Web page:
Centipedes are pretty high up there on peoples’ lists of most-hated bugs. These creepy crawlies are known for their many legs and are found on every continent in the world except for Antarctica. Centipedes are a common household pest and give people the heebie-jeebies with their writhing legs and proportionally large heads.
Despite their negative associations, centipedes are extremely interesting animals. They play an important ecological role and can tell us a lot about the evolution of life on Earth. So today we are going to look at some amazing facts about these many-legged bugs.
1. They Are Not Insects
Despite being commonly called a bug, centipedes are not insects. They are arthropods—a group of invertebrate animals with exoskeletons that include spiders, scorpions, shrimp, lobster, and crab. There are over 8,000 known species of centipede that exist all over the world.
2. They Don’t Really Have 100 Legs
The term “centipede” comes from two Latin words that mean “100” and “legs.” However, very few centipedes actually have 100 or more legs. Documented centipedes have between 30-80 legs on average. The European centipede Himantarum gabrielis has the most recorded legs at 354. Interestingly enough, all centipedes have an odd number of pairs of legs. So in reality, no centipede actually has exactly 100 legs.
3. They Don’t Like Dryness
Virtually all centipedes prefer moist, damp climates. This is because they lax the waxy subcutaneous layer that other arthropods such as spiders and scorpions have, and so are much more susceptible to dehydration. However, the lack of this waxy layer also allows them to move much faster as their numerous body segments are not occluded.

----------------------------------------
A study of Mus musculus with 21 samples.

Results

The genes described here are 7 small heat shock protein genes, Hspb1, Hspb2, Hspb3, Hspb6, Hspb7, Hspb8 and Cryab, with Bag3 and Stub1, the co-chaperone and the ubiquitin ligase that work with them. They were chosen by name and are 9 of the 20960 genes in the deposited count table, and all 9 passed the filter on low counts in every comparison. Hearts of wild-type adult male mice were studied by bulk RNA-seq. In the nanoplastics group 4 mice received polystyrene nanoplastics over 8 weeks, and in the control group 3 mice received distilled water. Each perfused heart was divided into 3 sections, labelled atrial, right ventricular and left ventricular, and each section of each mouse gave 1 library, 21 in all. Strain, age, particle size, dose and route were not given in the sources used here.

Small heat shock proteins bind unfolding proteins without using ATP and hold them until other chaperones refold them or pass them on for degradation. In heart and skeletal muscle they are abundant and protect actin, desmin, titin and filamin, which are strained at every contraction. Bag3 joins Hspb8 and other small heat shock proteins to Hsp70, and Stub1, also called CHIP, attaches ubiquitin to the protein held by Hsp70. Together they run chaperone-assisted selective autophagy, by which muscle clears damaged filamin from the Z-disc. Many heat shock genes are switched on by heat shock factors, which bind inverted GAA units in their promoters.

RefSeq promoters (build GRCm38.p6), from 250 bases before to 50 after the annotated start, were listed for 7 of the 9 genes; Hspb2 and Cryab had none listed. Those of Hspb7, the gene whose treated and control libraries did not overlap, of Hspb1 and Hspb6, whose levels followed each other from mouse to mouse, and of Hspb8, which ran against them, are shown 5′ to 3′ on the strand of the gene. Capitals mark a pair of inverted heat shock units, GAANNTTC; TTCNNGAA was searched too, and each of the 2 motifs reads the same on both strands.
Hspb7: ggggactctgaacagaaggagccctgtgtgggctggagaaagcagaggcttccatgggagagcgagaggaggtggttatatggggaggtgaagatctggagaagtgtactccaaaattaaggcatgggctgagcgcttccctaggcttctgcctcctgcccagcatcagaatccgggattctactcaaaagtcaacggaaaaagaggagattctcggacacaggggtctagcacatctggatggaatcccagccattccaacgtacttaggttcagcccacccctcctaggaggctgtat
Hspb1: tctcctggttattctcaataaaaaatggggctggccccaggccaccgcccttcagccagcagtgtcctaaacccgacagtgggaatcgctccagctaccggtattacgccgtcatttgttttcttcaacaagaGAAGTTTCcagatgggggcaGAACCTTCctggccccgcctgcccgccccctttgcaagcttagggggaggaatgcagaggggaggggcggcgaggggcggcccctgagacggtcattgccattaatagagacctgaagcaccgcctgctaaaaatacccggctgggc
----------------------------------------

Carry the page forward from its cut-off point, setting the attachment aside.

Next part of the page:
4. They Are All Venomous
All centipedes are predators and all centipedes use venom to hunt their prey. However, the venomous part of centipedes is not their mouths. Instead, centipedes use a set of modified forelegs as pincers that strike and pierce prey. Centipede bites can be very painful for humans, but the venom is usually not fatal. They are also usually not aggressive to humans, preferring to stay out of sight most of the time. Only one species of centipede, the giant centipede (Scolopendra gigantea) is known to cause fatal bites in humans.
5. Centipedes Are Old
Centipedes are old—like really old. The first centipedes emerged over 400 million years ago and many ancient species still exist today. In fact, the oldest land animal fossil that we have is of a myriapod, the subphylum that includes centipedes and millipedes. Centipede evolution spans hundreds of millions of years and tells us a lot about relationships between existing arthropods.
6. Not All Centipedes Live Outside
Centipedes include an organism with an extremely unique trait. The common house centipede often lives its entire life indoors. House centipedes are born, live, and die entirely indoors, mostly on the ground floor of buildings and homes. Although they look creepy, house centipedes can be a good thing as they eat common household pests such as termites, flies, and ants.